As anyone who knows me, I don't eat healthily. About as healthy as I get is eating an oat granola for breakfast. Mind you, as I understand it, Granola often has more sugar than a can of Coke.
But it's either that , Cocoa Pops or Frosties !! In my reckoning, a wee bit of roughage in the form of oats, can't be too bad. I mean it would be the only roughage my body would ever get in a day.
I buy this granola. Low in fat, but super high in sugar. The problem is I HATE the rat droppings they put in it. Rat droppings to you, would be known as raisins. I have to pick every one of them out, before I can even settle down to eat it. Plus I LOVE nuts, so I started cutting up various nuts and adding it to the granola. One day I thought why don't I just make my own. So that is what I did.
Granola is super easy to make, and the joy is you can change the recipe to your likes and dislikes.
I use this recipe, that I keep on my recipe Pinterest board, here, I laughed when I went back and read her posting of the recipe, she hates raisins too and refers to them as dead flies. LOL.
I don't add any rat droppings or anything fruity at all to my version. I mean just think of the hidden sugar !!
I add various nuts and seeds. I also leave out the nutmeg and cinnamon from my Pinterest recipe. Now I am a big fan of cinnamon, but my first ever attempt tasted a bit too cinnamony ( is that a even a word ? ) for me. So I prefer to make my granola plain now.
I searched all the supermarkets here in the UK for some coconut shavings, as I really like coconut flakes in my granola. But all I could find were the really small desiccated varieties. I finally found some in the American Whole foods store in London.
You just bung everything in a bowl together and stir. See easy peasy ! Sometimes I rebel a little bit more and add a few more oats to the mix. I think it's because I panic when I see the amount of honey going into the mixture. And I don't actually eat honey !! It's another item on my infinitely long list of foods I don't eat.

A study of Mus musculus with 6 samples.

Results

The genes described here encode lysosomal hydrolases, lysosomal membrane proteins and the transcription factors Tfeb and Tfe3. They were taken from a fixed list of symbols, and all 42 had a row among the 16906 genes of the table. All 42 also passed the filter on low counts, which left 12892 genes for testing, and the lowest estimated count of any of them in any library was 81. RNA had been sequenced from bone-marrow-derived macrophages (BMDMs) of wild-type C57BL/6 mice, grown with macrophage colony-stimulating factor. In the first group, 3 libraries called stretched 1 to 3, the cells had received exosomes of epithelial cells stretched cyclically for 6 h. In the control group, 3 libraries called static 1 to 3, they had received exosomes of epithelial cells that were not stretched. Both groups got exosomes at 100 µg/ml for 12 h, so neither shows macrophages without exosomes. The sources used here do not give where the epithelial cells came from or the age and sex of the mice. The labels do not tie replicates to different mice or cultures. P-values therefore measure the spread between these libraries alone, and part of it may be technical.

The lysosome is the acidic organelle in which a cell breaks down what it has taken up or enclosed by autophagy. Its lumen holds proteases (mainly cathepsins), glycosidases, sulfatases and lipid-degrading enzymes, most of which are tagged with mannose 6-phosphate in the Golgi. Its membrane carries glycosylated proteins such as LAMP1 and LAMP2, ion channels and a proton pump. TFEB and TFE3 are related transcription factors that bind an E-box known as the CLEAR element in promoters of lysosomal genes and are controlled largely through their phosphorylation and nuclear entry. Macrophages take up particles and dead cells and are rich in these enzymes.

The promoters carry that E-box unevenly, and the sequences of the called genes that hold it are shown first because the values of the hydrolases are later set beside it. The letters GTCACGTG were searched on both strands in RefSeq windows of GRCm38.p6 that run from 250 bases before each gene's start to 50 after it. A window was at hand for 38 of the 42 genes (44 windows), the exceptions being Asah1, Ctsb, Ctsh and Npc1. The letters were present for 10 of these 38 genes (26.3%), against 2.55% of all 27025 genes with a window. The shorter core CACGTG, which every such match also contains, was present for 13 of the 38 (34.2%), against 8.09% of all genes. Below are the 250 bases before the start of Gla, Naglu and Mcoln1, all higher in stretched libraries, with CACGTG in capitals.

I think making things from scratch is a great way of really appreciating what goes in to your food. If anyone has ever made shortbread, they will know exactly what I mean..
You then just spread the mixture over a baking tray and pop it in a low oven for about an hour. I pop mine in my simmer oven in our Aga. It's where I cook my meringues and there is little chance of anything burning. Just maybe drying out a bit, if left in there by mistake for days on end. Believe me I've done it ! Several times.
and then " voila ", an hour later a whole batch of super, easy peasy Granola..
Everything is now nice and toasty and crunchy. I couldn't resist having a little nibble whilst I was waiting for it too cool down. Mmmmmmm
What I then do with the batch is, add it to a plastic cereal container with about half a box of the Quaker Oats granola. I then vigorously shake the two together. The Quaker Oats granola often comes in large chunks stuck together. The vigorous shaking not only distributes the two together but breaks the lumps down to more manageable pieces. I find my version tastes less sweet, so that is why I always add some of the shop bought one. That shop bought one tastes mighty fine, but I just hate those darn rat droppings.
I always weigh out my portion of granola in the mornings. Granola is laden with calories, so the recommended portion size is a tiny 45g. So with those big Quaker Oat lumps it can mean I only get a couple in a portion. Thats why I always give it a vigorous shake in a cereal container. As I don't eat yogurt or fruit, I always eat my granola with milk
I get great pleasure picking out any of the random "rats droppings " (raisins ) that remain in the mix from the shop bought one. By removing these it usually gives me a few more grams of granola.
My version of this Recipe:
- 1 cup of rolled oats
- ⅓ cup of shredded coconut
- 8 tbs of pecans/ walnuts/ pistachios/ brazils/ almonds and hazelnuts, roughly chopped ( I actually buy Tescos finest mixed nuts and use those, with some other variations added )
- a handful of sunflower seeds
- ¼ tsp of sea salt flakes
- ⅓ cup of honey
- 1½ tbs of olive oil
- 1 tsp of boiling water
Combine all the dry ingredients in a bowl and mix well together. Add the boiling water to some honey and add along with the olive oil. Stir well until everything is well coated.
Spread on a baking tray and bake for 1 hour, in a low oven (120 celsius ) or the simmer oven of an Aga. Stir the mixture every 20 minutes. When it's baked to just how you like it, leave it to cool and store in an airtight container.